Video report by ITV News Political Correspondent Romilly Weeks
Doctors are being incentivised to vaccinate the most vulnerable who cannot leave their home as the UK Government dismissed reports it was on target to jab all over-50s a month earlier than planned.
GPs in England will be paid an additional £10 by the NHS for every housebound patient they vaccinate against Covid-19 as ministers strive to meet their target of inoculating all those aged 70 and over, along with frontline health workers, by February 15.
Health Secretary Matt Hancock said the extra cash would allow GPs to reach the “most vulnerable people who might not be able to leave their homes”, such as the elderly and those who are shielding.
The move comes amid a study suggesting the Oxford/AstraZeneca jab is less effective at preventing against mild disease caused by the South African variant - though the firm remains confident vaccine can protect better against severe disease.
Downing Street is aiming to have offered a first dose jab to all over 50s and the most clinically vulnerable by early May – but the Telegraph reported that Whitehall sources believed the pace of vaccinations meant the target could be achieved by April.
A spokesman for Mr Hancock said the May target remained in place.
“As the Health Secretary has said – that is an ambitious goal and lots of things have to go well to reach it,” the spokesman added.
Clive Dix, chairman of the UK Vaccines Taskforce, said on Saturday he was “very optimistic” of meeting the May ambition.
Fresh data indicated that, up to February 5, almost 11.5 million first vaccine doses had been given – a rise of 494,163 on the previous day’s figures.
Based on the latest statistics, an average of 392,754 first doses would be needed each day in order to meet the target of 15 million first doses by February 15.
Government sources rejected suggestions reported in the Telegraph that vaccinations could be rolled out for the under-50s at their place of work by the spring.
“We have no plans to roll out vaccines at work,” a source told PA news agency.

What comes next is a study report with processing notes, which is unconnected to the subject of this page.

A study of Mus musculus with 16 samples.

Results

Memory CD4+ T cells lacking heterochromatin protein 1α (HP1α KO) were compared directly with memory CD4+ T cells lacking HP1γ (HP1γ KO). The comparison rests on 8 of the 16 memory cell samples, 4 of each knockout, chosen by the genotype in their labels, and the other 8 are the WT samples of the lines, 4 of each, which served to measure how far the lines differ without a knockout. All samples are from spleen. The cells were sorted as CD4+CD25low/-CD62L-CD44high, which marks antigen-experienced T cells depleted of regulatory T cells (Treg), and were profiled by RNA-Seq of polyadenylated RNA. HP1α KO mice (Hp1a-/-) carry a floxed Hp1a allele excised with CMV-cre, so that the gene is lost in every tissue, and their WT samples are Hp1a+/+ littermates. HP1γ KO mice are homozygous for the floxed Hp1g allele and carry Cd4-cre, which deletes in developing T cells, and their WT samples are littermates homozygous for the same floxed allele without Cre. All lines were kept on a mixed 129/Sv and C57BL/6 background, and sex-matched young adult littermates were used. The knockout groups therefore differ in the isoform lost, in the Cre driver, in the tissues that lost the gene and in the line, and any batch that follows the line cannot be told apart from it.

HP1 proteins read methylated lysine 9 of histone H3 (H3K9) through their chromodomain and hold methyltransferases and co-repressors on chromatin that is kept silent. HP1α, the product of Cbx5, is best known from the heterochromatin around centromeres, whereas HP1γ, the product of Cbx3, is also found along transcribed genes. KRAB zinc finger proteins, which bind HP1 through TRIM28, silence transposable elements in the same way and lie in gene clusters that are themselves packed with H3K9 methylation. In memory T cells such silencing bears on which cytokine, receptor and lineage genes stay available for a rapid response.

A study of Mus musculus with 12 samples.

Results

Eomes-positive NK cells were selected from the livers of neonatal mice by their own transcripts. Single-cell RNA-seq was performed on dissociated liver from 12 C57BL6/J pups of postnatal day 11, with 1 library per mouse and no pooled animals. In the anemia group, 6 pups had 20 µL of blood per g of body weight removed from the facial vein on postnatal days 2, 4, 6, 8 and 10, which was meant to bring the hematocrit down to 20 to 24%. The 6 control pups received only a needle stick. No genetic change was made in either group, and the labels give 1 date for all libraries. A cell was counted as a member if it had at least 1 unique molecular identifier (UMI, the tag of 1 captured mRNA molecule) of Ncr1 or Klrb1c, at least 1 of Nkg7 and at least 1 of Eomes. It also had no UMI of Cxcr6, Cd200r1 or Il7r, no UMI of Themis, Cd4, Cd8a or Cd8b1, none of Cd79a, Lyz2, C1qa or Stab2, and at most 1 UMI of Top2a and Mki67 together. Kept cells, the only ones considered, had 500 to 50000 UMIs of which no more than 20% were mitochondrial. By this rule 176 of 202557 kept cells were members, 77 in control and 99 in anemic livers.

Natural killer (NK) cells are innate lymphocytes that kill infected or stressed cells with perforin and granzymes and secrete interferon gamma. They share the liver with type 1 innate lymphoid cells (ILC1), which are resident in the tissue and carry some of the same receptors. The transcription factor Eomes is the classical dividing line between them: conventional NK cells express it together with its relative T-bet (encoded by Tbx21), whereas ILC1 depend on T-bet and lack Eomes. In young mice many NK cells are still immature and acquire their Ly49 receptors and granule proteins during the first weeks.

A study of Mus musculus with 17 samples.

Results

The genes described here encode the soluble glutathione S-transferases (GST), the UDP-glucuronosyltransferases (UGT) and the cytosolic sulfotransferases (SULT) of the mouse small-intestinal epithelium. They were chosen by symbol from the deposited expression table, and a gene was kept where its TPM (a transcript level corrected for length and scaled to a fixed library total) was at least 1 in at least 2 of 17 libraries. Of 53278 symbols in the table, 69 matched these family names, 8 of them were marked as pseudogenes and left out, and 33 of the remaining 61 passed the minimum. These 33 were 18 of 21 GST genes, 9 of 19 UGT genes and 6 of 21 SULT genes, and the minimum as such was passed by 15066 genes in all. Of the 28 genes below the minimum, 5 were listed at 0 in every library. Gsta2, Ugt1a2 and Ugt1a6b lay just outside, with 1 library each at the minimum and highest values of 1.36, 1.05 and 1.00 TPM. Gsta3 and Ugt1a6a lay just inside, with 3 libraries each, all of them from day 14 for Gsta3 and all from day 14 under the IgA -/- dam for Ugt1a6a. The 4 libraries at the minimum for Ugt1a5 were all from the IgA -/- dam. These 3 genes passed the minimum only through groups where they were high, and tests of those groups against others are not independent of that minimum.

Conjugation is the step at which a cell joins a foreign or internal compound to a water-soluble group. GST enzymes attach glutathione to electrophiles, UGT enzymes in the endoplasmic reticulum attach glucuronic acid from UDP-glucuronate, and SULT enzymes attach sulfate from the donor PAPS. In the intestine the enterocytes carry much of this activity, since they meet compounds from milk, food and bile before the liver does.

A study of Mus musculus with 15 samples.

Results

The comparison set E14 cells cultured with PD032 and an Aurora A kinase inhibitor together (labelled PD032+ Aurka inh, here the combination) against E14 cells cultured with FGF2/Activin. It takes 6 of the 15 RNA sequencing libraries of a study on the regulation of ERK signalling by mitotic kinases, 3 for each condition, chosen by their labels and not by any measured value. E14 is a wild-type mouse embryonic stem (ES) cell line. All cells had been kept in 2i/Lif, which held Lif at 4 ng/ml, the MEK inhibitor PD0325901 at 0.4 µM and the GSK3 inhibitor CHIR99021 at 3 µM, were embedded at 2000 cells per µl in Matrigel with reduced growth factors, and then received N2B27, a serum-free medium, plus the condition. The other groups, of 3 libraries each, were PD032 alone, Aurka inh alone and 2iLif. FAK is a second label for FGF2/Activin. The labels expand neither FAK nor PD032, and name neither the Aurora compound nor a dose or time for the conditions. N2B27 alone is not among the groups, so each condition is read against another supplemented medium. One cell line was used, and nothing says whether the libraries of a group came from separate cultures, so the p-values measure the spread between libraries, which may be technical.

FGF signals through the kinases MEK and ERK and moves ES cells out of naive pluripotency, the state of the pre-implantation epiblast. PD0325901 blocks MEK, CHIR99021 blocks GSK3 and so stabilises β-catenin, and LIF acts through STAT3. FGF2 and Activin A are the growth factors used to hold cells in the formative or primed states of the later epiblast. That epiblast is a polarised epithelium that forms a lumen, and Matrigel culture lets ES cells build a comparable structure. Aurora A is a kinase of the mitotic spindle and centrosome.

It comes as the Department for Health and Social Care (DHSC) unveiled plans to widen the availability of rapid-result testing to more workers who cannot stay at home during the lockdown.
Ministers will expand the programme by offering access to lateral flow tests, which can produce results in less than 30 minutes, to businesses with more than 50 employees.
Only firms employing 250-plus staff previously qualified for the rapid testing regime.
Officials said the move was part of efforts to “normalise” testing in the workplace and ensure the safety of those who cannot work from home by identifying asymptomatic carriers of Covid-19.
But unions warned that rapid tests were “not the magic bullet” and called for them to be followed up with “confirmatory testing”, citing that Public Health England (PHE) found examples of missed asymptomatic positive cases during the mass testing pilot in Liverpool last year.
DHSC also announced on Saturday that more areas in England will be subject to a door-to-door testing blitz in a bid to find new variants of coronavirus, such as the South African mutation.
Residents in Bristol and South Gloucestershire have been told to prepare for mobile units to descend upon their neighbourhoods, while further testing will take place next week in Worcestershire and Sefton in Merseyside.
“People living in targeted areas with these locations are strongly encouraged to take a Covid-19 test this week, whether they are showing symptoms or not,” a department spokeswoman said.
ITV News Reporter David Wood has more on the findings of the preliminary study
In other vaccine developments, The Oxford/AstraZeneca vaccine offers only limited protection against mild disease caused by the South African variant of coronavirus, according to research.
But the British company said early data from the study, due to be published on Monday, has shown the jab can protect against severe disease caused by the mutation.
The study, first reported by the Financial Times, into the E484K mutation involved some 2,000 people, most of whom were young and healthy.
AstraZeneca told ITV News: "We do believe our vaccine could protect against severe disease, as neutralising antibody activity is equivalent to that of other Covid-19 vaccines that have demonstrated activity against more severe disease, particularly when the dosing interval is optimised to 8-12 weeks. "Oxford University and AstraZeneca have started adapting the vaccine against this variant and will advance rapidly through clinical development so that it is ready for Autumn delivery should it be needed."